In an article published today over at MSNBC the personal saving rate is currently 5.3%, which means that Americans are not spending every last dollar they earn. While this is better than where we were in 2006 when it was at -2.4% there is actually a fine line between saving to much and saving to little.
Our economy is consumption driven, or as you have all heard a hundred times, supply and demand. When the stock market shred 7,000 points in 2008 people stopped buying and started saving their paycheck. Unfortunately this only made matters worse as everything is cyclical. The more people saved the more businesses struggled which caused more layoffs which sparked more fear and thus made people save even more.
So, what can you do? I think that having a 5% savings rate is healthy as long as it is in line with your long term goals. If you are carrying credit card debt with an interest rate of 24.99% it makes little sense for you to save 5% of your income in a bank paying less than 1% interest.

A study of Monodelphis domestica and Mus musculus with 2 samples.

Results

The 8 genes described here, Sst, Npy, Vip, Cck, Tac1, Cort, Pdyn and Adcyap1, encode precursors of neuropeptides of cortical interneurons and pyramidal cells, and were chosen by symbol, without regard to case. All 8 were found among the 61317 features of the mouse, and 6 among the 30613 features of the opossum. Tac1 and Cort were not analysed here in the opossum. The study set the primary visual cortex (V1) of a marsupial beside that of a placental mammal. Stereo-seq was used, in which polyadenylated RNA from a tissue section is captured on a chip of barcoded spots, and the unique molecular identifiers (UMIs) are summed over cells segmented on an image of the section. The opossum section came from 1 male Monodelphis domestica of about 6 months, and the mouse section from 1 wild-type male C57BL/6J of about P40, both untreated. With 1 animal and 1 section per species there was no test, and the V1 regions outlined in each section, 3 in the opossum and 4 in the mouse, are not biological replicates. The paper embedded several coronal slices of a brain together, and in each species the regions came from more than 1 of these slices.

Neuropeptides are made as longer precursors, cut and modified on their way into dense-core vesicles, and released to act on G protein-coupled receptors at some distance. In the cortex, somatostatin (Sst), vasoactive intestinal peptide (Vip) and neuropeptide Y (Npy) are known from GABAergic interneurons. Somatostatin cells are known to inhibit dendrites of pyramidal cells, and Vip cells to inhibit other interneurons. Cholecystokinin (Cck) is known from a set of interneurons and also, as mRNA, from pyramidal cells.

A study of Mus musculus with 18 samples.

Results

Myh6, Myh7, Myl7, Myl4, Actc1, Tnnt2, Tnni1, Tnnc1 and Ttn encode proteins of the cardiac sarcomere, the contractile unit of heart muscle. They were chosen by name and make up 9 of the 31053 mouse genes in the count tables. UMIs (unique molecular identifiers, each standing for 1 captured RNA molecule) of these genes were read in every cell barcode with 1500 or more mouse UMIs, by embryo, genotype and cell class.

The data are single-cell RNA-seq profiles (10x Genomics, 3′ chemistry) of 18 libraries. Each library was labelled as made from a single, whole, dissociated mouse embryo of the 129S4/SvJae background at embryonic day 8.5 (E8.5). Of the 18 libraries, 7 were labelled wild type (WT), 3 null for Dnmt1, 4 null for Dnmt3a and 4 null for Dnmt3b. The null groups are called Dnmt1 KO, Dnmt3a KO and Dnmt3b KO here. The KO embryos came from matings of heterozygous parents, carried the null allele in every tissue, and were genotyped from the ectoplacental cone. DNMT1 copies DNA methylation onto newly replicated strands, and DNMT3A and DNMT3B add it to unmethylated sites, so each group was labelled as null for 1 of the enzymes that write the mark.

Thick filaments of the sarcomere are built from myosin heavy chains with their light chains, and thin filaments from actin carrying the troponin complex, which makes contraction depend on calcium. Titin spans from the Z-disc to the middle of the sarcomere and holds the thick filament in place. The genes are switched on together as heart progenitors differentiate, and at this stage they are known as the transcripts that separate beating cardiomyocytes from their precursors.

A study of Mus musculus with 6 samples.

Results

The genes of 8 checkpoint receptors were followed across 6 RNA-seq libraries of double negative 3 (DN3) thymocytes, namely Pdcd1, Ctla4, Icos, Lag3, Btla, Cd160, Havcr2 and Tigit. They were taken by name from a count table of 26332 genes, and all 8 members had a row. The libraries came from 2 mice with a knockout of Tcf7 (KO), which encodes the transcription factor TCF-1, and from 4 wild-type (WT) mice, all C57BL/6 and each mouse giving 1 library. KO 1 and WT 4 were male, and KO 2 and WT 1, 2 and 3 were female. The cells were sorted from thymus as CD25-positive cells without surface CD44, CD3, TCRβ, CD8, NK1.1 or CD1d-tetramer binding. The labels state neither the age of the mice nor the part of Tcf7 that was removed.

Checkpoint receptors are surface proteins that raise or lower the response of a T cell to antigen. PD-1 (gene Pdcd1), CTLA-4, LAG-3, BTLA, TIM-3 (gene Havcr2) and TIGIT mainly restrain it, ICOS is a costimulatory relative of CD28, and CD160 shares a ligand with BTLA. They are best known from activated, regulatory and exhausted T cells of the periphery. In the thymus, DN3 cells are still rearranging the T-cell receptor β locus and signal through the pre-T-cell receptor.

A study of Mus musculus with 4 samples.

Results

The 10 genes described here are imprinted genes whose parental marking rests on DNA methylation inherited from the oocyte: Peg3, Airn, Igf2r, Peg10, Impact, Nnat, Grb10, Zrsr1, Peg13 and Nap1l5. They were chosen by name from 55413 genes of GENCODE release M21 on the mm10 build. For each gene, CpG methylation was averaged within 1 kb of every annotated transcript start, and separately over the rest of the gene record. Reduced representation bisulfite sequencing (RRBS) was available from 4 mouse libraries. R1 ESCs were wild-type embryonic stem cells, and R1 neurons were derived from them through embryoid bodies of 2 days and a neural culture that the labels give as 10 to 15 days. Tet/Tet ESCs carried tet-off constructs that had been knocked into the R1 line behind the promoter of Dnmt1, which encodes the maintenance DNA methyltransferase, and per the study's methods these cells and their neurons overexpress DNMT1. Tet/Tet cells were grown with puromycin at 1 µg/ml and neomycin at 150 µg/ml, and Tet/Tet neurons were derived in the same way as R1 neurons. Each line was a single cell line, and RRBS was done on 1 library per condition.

The answer to this question is like the answer to most questions, everything in moderation. A lot of financial websites will tell you to have three to six months of living expenses in a savings account in case of an emergency. After that is accomplished you can really focus on paying down debt and saving for your long term goals. The crux is that I truly don't know very many people who have built up an emergency savings account. So if you can't do six months, how about you start with $500.
In the mean time, ask yourself if you are comfortable with your personal savings rate and what steps are you going to take to fix it?